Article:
Updated on August 9, 2017

John's Gospel. A New Look - Number 12: Chapter 11-The Raising of Lazarus.

John is now halfway through his Gospel . Before he describes the triumphant entry into Jerusalem, John records how Jesus raised his friend Lazarus, "the one who he loved" (vs.3). In contradiction to what a friend would normally do, Jesus remains for two days in the place where he receives the message about Lazarus, before beginning his journey to Bethany. While Mary, Martha and the rest of the family and friends looked at this crises from a human point of view, Jesus sees it from an eternal perspective as he did with the healing of the man born blind in Chapter 9. Here again God is going to be glorified in the healing, rather than a family being spared the heartbreak and sadness that comes with death.

It is interesting that John is the only Gospel writer who records this event which seems so important to us in the telling of the story of Jesus. A second interesting thing is the behaviour of Thomas, who is ready to die with Jesus at this stage (vs. 16), an attitude that we don't usually ascribe to "doubting Thomas".

In this chapter John also records the dramatic sentence: "Jesus wept" (vs. 35).

A careful word study of the words for love that John uses in this chapter help in understanding the attitude that Jesus had towards his friends and towards the action that he took when Lazarus was ill and dying. While most of the English translations of the New Testament make no distinction between the Greek words "agape" and "phileo", the NIV attempts to correct this in the discourse between Jesus and Peter as recorded in John 21 by translating the latter as love and the former as real love. There is no doubt that the two words are not simply synonyms, but rather carry an important difference in meaning. In John 21:15-17, John again describes how Jesus uses these two words to teach Peter an important lesson about what real love is all about.

A friendship love in the situation with Lazarus would have required an immediate rushing to the bedside of a friend, but a deeper, "agape" love is being displayed. This is then also what God did for us by sending His Son to die for us on the cross (John 3:15/6). It is not dependant on the affection God had for sinful man, but rather the sacrifice that He and His Son were prepared to make on our behalf - loving us in spite of our response in rejecting Him and abusing Him. That is what real love demands and does. It looks past the emotional response to a self-sacrificial giving of self for the greater cause. So in verse 5, John records that Jesus loved (agape) Martha, Mary and Lazarus giving us an insight of the otherwise rather strange behaviour of their friend (phileo) Jesus.

In verse 36 the Jews make the statement: " See how he loved him!" (phileo) when, in fact, Jesus loved him "agape" and so allowed the suffering and heartbreak because a much greater cause was being achieved in the raising of Lazarus from the dead, than would have been from a "mere" healing: "You would see the glory of God?"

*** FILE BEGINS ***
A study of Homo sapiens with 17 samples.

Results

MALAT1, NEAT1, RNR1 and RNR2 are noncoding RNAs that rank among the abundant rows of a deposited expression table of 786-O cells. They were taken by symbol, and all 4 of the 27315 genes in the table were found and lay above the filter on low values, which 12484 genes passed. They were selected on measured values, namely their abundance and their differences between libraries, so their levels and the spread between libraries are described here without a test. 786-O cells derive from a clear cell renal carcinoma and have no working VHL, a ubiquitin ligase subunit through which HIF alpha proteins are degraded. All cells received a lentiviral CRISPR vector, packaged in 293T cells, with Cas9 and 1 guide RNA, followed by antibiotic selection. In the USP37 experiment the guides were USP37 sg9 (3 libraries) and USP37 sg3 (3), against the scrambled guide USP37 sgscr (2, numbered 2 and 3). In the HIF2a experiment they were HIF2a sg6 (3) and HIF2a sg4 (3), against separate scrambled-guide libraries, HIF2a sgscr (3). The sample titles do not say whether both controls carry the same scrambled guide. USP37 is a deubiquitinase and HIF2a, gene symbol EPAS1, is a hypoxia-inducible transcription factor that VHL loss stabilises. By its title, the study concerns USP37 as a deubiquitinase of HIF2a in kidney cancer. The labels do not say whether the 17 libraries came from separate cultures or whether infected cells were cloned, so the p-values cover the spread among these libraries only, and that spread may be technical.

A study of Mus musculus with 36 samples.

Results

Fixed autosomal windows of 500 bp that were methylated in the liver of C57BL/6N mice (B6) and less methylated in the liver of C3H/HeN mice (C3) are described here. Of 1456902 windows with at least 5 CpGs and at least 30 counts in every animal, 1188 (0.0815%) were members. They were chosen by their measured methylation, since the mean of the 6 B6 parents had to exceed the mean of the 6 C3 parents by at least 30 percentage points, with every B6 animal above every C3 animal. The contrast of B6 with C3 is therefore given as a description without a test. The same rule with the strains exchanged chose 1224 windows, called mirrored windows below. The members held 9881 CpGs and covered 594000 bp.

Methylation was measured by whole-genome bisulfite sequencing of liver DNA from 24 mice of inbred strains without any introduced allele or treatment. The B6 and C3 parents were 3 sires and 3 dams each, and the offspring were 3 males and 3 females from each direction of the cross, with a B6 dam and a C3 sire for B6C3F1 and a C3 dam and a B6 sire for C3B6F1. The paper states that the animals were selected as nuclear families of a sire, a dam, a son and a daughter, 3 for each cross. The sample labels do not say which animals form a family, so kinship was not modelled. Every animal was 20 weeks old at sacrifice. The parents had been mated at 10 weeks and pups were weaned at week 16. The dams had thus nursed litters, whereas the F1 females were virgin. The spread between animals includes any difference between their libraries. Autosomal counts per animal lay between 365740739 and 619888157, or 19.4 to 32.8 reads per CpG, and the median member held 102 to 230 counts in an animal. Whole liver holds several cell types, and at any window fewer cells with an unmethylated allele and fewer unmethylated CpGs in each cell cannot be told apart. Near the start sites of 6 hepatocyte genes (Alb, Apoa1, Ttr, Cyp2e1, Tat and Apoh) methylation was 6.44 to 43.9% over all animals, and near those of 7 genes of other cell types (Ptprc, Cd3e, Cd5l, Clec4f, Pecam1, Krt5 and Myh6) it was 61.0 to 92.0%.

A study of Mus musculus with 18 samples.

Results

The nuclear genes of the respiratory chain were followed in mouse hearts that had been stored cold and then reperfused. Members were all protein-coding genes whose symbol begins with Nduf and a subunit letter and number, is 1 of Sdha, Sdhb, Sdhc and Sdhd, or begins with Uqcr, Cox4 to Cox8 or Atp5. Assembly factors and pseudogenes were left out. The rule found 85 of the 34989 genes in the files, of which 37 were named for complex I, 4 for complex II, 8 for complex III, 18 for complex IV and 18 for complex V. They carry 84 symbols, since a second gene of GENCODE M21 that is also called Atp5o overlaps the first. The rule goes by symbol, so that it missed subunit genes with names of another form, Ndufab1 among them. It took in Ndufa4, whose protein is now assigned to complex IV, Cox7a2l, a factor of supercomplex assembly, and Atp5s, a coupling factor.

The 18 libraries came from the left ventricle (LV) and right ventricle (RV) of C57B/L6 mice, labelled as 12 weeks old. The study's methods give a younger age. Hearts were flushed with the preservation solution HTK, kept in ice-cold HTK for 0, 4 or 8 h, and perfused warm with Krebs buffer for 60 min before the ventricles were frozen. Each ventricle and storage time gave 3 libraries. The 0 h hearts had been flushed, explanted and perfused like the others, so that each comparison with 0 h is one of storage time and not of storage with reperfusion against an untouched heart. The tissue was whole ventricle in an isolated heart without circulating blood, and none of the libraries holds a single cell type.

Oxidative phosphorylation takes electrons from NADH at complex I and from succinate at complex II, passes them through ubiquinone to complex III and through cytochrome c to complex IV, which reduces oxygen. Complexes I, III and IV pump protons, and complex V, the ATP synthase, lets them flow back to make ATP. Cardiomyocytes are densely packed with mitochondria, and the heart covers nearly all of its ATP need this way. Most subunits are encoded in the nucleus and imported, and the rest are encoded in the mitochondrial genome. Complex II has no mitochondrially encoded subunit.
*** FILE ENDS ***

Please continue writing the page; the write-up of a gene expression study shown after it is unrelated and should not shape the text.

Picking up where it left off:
At this the conflict between the believers and non-believers was accentuated and so fear grew in the minds of the Jewish leaders that they would lose control of the people and then even of the nation. Under the Pax Romana, the Roman authorities were happy to allow people in the empire to be governed by their own people under their own laws, but if they lost control then Rome would send in the troops to restore law and order and if necessary take over control of the country.

The words of Caiaphas "it is better that one man die for the nation than all may die", then take on a double meaning - Jesus had to die to save the Jewish leaders from losing control of the nation, but in a broader sense Jesus had to die for a greater and more important cause - for the sins of mankind.

To escape the plans of the Jews to kill him, Jesus withdraws into the wilderness. In Jerusalem preparations are made for the approaching Passover. Looming large in the minds of all, is the question: "What will Jesus do? and also "what will they do with Jesus?" The evidence that John has gathered and presented so far in presenting this Gospel is building up to the stated conclusion "to show that Jesus is the Christ the Son of the living God." (John 20:30/31) The healing of Lazarus is the final sign.


      Johan Smulders 

      14 months ago from East London, South Africa

      Must agree with you Jackie - as we continue with John we find some of the most significant statements in human history!

    • Jackie Lynnley profile image

      Jackie Lynnley 

      14 months ago from The Beautiful South

      Jesus wept may be the most meaningful short verse written. The death was necessary to show the power and love but much love and understanding of our human feelings are shown in those words. We are told and know we are to rejoice in the deaths of our loved ones but here Jesus reacts just as we do even knowing he will raise him up from the dead.